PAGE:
Cape Town – Prominent lawyer Barnabus Xulu was dealt yet another blow in his bid to set aside the freezing of the bank account of his firm Barnabas Xulu Incorporated (BXI).
The Western Cape High Court turned down his urgent application on Friday, with Judge Penelope Magona finding lack of reasons over the urgency of the application.
The freezing of Xulu’s account relates to an ongoing battle with the Department of Agriculture, Forestry and Fisheries (Daff) over procurement processes involving a May 2017 service level agreement (SLA) and a settlement agreement involving millions due to the department by BXI.
Daff spokesperson Albi Modise said the department had noted the judgment.
Xulu was in January ordered to pay back about R20.2 million in legal fees directed to his firm by Daff, which the court found he was not entitled to. This was after alleged fraud on signatures in the SLA agreement papers was discovered.
It had been recently ordered by Eastern Cape High Court Judge John Smith that Xulu be tracked, his law firm’s account be frozen and his car and mansion be retrieved for the outstanding R20.2m.
During Friday’s hearing at the Western Cape High, just two hours before Daff was notified to attend, as they had claimed, their representative told Magona that the matter needed to be dismissed immediately and struck off the roll as it was not explicit.
Judge Mogana ruled in Daff’s favour with two payments due to them by Xulu, but it was later changed to only one after the applicant argued that “two payments were not necessary”.
Xulu’s legal representative Sibonile Khosa did not want to comment after the ruling, and directed all questions to his client or his employee, Ndumiso Ngcobo.
An angry and disappointed Xulu, whose Cape Town-based law firm had represented Western Cape High Court Judge President John Hlophe, argued that the Eastern Cape court had no jurisdiction in matters in the Western Cape.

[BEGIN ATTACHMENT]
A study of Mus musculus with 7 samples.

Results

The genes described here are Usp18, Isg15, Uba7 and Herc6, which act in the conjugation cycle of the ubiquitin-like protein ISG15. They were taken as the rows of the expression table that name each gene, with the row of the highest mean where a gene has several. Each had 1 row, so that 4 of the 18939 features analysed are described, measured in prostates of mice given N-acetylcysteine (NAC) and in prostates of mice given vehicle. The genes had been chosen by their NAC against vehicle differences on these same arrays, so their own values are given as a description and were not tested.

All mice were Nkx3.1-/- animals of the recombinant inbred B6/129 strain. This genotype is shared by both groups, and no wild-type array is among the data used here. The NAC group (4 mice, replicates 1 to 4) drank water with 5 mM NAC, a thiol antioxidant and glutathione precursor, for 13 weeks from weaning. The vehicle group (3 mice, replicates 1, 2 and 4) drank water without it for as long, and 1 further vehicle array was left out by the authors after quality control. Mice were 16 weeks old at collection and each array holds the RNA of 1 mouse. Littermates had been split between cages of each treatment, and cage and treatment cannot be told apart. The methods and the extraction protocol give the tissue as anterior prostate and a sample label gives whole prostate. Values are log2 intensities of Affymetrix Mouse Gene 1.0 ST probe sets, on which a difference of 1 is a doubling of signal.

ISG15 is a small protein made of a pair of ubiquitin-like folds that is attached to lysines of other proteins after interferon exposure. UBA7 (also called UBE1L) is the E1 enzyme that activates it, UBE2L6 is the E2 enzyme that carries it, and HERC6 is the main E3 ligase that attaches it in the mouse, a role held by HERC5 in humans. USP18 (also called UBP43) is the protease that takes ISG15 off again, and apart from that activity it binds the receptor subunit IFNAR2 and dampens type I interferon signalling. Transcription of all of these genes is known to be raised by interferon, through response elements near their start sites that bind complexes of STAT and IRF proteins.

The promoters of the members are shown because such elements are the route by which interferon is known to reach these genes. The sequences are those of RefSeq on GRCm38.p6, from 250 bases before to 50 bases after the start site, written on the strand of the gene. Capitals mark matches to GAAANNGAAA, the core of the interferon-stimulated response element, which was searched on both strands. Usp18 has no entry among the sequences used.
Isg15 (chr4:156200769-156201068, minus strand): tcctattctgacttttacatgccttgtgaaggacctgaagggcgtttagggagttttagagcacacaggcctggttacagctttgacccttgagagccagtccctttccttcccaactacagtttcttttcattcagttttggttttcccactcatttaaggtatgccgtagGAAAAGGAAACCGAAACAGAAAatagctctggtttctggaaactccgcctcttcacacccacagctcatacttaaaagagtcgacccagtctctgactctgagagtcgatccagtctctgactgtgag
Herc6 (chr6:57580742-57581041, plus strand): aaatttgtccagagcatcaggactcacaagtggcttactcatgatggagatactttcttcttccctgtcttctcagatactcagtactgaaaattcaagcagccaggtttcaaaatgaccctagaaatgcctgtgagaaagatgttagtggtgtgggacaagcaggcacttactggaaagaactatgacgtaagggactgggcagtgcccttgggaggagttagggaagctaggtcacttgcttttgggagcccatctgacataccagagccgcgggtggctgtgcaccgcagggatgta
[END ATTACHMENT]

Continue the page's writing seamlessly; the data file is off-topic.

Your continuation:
“He (Judge Smith) was never appointed to deal with the freezing of my account by the Cape Town High Court. He granted two orders in my absence without notice and his orders are written that he was in Cape Town at the time.
’’There is no evidence that he entered the Cape Town High Court building. He did this by remote control, and we have no idea where he was sitting granting these orders,” Xulu said.
“This is an injustice and violation to my dignity. My assets have been paraded and entered into by the sheriff based on this fraudulent court order. I have not violated at all.
’’The level of victimisation I have been dealing with in the past two years is shocking, this after I have worked hard to become the first law firm in this country to recover more that R150 million. The hatred is shocking.”
Xulu added that the court ruling was unfair and that he will be heading back to court on the matter as his employees are also now affected.
“With this order being granted, it means that I am not able to trade. I have a right to trade and my employees need to be paid, as well as the building we are leasing, among others. I have no alternative if my business is closed for trading,” he said.
Ngcobo added: “With the company’s bank account being frozen, this will affect many workers including myself. Where will we get money to provide for our families and to pay our debt, among
others? The court did not consider the employees of BXI when they made this judgment. I am disappointed.”
Meanwhile, as Daff continues to tackle the issue in court, Xulu strongly believes, as previously alleged in court papers, that Daff’s non-payment of his firm’s fees and termination of BXI services in 2018 was a personal vendetta against him by Daff director-general Mike Mlengana because of BXI’s work with law enforcement agencies to combat undue influence, maladministration, criminality and corruption in the Daff.
Mlengana, who was suspended at the time, had returned to work and became aware of the SLA in late July 2018.
He claimed that he had then reported it to the Hawks as fraud was inconsistent with other evidence, which he made no mention of (fraud) when attempting to terminate BXI’s services. He also said that the company had been appointed by “a deviation process”, the court heard previously.
But Xulu argued that he did not understand why Mlengana repeatedly referred to his signature on the SLA as “purported” and that the SLA had been fraudulently concluded when he (Mlengana) explained to the court in papers why he denied having signed the SLA and how it might have come about that he unwittingly signed what turned out to be the last page of the purported contract – this according to the minutes of a court hearing last month.